You’ve decided to put your house on the market. You’ve given it a lot of thought, weighed the pros and cons. You’ve talked with your family and together you’ve determined that now is the time.
Before the “For Sale” sign is placed in your front yard, you have some more decisions to make. Possibly the most important is the list price of your house. How much are you hoping to get for your home? What’s fair and reasonable in this market? What will appeal to the most potential buyers? And what are the risks of pricing your home too high?
The slippery slope of over-pricing
If your home is over-priced when it’s first placed on the market, the most obvious risk, of course, is that it simply won’t sell. You may think your home is worth $10,000 more than the house down the street, but if the houses are structurally similar (e.g. both have three bedrooms, two bathrooms, a finished basement and a two-car garage), the average homebuyer is going to gravitate toward the lower-priced of the two homes.
Because buyers don’t want to spend more money on a house than they have to, over-pricing your home could cause it to sit on the market for a long time. And the longer it sits, the less likely it will sell.
When potential buyers see that a home has been listed for six months or a year, a common first thought is, “I wonder what’s wrong with it.” They assume a house that’s in good condition would have sold much sooner and the fact that your house is still on market must mean that something’s wrong – either it needs a lot of work or has significant structural issues, etc.
You can always lower the price later, right?
[Mortgage Help: Get your free credit report and see if your credit score is mortgage qualified]Homeowners who set high list prices often do it because they figure if the home doesn’t sell in a month or two, they can just lower the price – no big deal. However, at that point, some damage has already been done.
The house has been on the market for months, becoming less attractive to potential buyers with every passing week. In addition, a sudden drop in price has the same effect as an extended listing period – buyers wonder what’s wrong with the house. Both factors can squelch interest in your home.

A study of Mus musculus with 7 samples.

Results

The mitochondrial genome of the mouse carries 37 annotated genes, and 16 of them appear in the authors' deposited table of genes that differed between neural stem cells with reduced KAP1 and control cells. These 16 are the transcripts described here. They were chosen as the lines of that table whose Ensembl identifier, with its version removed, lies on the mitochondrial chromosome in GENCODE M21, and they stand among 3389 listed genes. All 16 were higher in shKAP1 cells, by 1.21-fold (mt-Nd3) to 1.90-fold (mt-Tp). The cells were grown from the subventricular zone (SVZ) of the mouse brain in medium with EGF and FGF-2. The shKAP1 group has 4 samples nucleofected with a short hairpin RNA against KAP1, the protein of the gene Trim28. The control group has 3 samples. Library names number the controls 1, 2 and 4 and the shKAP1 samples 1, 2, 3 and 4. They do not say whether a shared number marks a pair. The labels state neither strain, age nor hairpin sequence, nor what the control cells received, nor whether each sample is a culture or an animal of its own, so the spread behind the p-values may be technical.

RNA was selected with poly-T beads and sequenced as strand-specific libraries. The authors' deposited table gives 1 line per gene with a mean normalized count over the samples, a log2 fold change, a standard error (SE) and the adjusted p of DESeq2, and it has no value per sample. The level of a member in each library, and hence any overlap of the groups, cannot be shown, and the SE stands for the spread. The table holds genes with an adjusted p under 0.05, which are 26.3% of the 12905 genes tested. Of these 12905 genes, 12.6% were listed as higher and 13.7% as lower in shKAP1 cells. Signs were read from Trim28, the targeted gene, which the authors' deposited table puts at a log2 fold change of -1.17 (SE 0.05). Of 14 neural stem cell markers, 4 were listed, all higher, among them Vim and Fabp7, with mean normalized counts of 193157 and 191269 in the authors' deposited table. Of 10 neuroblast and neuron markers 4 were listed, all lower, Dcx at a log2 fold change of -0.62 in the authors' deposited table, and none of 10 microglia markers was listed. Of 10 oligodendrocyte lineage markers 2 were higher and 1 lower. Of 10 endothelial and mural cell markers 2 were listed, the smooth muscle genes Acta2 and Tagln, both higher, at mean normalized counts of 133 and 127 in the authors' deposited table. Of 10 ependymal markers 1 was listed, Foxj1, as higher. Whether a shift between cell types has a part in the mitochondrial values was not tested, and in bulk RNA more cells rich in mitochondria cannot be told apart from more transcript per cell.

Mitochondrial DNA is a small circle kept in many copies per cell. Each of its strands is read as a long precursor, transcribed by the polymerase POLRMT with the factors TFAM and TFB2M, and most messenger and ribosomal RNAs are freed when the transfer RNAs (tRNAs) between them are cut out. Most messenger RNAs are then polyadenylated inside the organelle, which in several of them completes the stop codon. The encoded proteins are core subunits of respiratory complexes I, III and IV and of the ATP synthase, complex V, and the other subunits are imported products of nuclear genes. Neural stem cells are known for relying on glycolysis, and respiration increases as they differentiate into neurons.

Why some real estate agents shouldn’t be trusted
Unfortunately, some homeowners list their houses at inflated prices because a real estate agent has convinced them it will sell at the higher price. Homeowners typically meet with two or three agents before choosing one to work with. At the meetings, agents present the homeowner with a Comparative Market Analysis and give an estimate for the home’s list price.
There are, however, agents who intentionally suggest a high list price, knowing it increases their chance of getting the business. Agents refer to it as “buying a listing,” and it’s incredibly dishonest. Agents who buy listings know they’re overpricing the home. They fully intend to drop the price in a month or two, but all they’re concerned with is getting the listing.
Real estate professionals who have been in the business for a while know which agents “buy listings.” Most avoid doing business with those agents, partially out of frustration, but mostly out of a desire to protect their clients.
Agents who buy listings are considered unethical and untrustworthy. Consequently, homeowners who list with those agents find their homes sitting on the market longer, not only because their houses are over-priced, but because other agents are not showing the home.
What may happen if you manage to sell at a higher price
If you price your home too high and it does sell, you could still run into trouble. Once a home sells, the potential buyer has to qualify for a mortgage. The home will be appraised and that appraisal will be the maximum loan amount available to the buyer.
For example, let’s say you priced your home at $225,000 even though similar homes sold for $200,000. A buyer loves your home and makes a full-price offer. Then comes the appraiser, who – based on prevailing market conditions – values the home at $200,000. This is one of the few circumstances under which a buyer can walk away with no consequences. He is not required to execute the purchase agreement, because your home’s value is less than the agreed-upon sale price.
Think carefully about your home’s sale price. Research other homes that are listed in your area. If you’re talking to multiple real estate agents, you’ll be tempted to go with the one who suggests the highest list price. Resist that temptation and think objectively about what’s already on the market and how your home compares.
In today’s housing market, you’ll have a lot of competition. Do everything you can to give yourself an edge – including setting the right sale price.